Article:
Opposition lawmakers affected by redelineation in uproar

Source: The Malay Mail Online

Map of redelineated constituencies on display at the Selangor EC office September 15, 2016. Voters have one month to file complaints, if any. — Picture by Kamles Kumar
Map of redelineated constituencies on display at the Selangor EC office September 15, 2016. Voters have one month to file complaints, if any. — Picture by Kamles Kumar

KUALA LUMPUR, Sept 15 — The Election Commission’s (EC) move to rename and resize several federal and state constituencies is coming under intense criticism from affected lawmakers, who said the move would confuse voters.

DAP lawmaker Teresa Kok, who has been MP for Seputeh since Election 1999, was irate to learn that her constituency will be renamed Sri Petaling.

“I am extremely unhappy with the change of name from Seputeh to Sri Petaling, because the people and voters are used to the name of the constituency, Seputeh, all this while,” she told Malay Mail Online when contacted today.

She also questioned the move to carve out Taman Desa from the constituency and replace its voters with those from Bukit Jalil, and demanded the EC explain the rationale for the shift.

Kok also blamed the population growth in the area — among reasons previously cited for the need to redraw electoral lines — on poor urban planning on the part of the federal government.

The lawmaker said indiscriminate approvals for new developments by the Federal Territories Ministry and the Kuala Lumpur City Hall had turned what was once a “nice residential area” in Sri Petaling into an overpopulated and congested area.

“I share the pain of the people in Sri Petaling and I am very unhappy to have my constituency named under such poorly planned area,” she stressed.

PKR’s Wong Chen, whose current Kelana Jaya federal seat will be renamed Subang, alleged that the redelineation was intended to favour the Barisan Nasional government.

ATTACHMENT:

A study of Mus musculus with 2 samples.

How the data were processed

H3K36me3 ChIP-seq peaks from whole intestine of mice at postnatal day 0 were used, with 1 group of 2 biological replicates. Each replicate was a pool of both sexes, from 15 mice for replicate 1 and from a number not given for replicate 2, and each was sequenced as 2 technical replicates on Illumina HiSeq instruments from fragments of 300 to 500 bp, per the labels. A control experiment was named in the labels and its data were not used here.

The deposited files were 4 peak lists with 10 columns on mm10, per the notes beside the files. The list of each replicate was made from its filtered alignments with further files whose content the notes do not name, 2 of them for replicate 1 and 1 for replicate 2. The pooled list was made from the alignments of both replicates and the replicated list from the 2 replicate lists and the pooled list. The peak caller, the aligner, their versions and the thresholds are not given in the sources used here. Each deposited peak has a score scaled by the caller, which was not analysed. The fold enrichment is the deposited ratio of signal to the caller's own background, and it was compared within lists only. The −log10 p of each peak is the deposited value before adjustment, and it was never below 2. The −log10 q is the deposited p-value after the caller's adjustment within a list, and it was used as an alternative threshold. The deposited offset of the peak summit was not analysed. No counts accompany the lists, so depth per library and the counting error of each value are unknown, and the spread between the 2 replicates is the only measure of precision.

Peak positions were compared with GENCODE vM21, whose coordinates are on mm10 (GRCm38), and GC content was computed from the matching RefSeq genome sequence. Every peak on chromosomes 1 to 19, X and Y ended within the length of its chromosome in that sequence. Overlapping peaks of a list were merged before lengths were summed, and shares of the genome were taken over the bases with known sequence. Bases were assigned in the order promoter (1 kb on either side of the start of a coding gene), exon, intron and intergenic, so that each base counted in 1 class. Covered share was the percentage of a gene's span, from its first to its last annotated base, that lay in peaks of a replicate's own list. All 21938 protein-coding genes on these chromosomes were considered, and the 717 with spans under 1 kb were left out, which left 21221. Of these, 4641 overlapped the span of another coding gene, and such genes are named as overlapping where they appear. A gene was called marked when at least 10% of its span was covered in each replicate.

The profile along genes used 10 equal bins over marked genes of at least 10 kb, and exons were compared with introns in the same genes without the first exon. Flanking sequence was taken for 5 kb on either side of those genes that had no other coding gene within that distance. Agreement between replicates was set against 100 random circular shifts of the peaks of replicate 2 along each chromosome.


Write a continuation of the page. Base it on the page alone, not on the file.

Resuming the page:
Wong Chen also demanded that the EC give a detailed explanation on the name changes before the objection period of a month is over, noting that the name Kelana Jaya would be completely removed under the move.

“I’m not favourable to this move at all. This is generally very disruptive and favours the ruling party in one way or rather,” he told Malay Mail Online when contacted today.

Another affected lawmaker, DAP’s Ong Kian Ming who will go from Serdang MP to the representative for Bangi under the change, similarly criticised the complete removal of his original seat’s name.

“Serdang is a well known area to residents in Selangor and KL and many residential areas and landmarks have the name Serdang in them,” he told Malay Mail Onlinewhen contacted today.

In its latest redelineation exercise, the EC is seeking to change the names of 12 parliamentary seats and 34 state constituencies nationwide ahead of the next general elections due in 2018.

In an 18-page notice published in national daily New Straits Times today, the EC said the changes only affected the names of the seats and not the number of seats, whether federal or state, in the country.

The federal seats affected include one Kedah, three seats in Perak, five in Selangor, one in the Federal Territory of Kuala Lumpur, one in Negri Sembilan and one in Johor.

The five affected parliamentary seats in Selangor and the sole Kuala Lumpur seat are currently held by the opposition.

Opposition MPs have noted, however, that the exercise also involves a massive transferring of voters, with Petaling Jaya Utara — that will be renamed Damansara — going from around 85,000 voters from 2013 to over 150,000 voters under the change.

Comparatively, Putrajaya that is held by Federal Territories Minister Datuk Seri Tengku Adnan Mansor has around 18,000 voters or just 12 per cent of what the Damansara seat would have.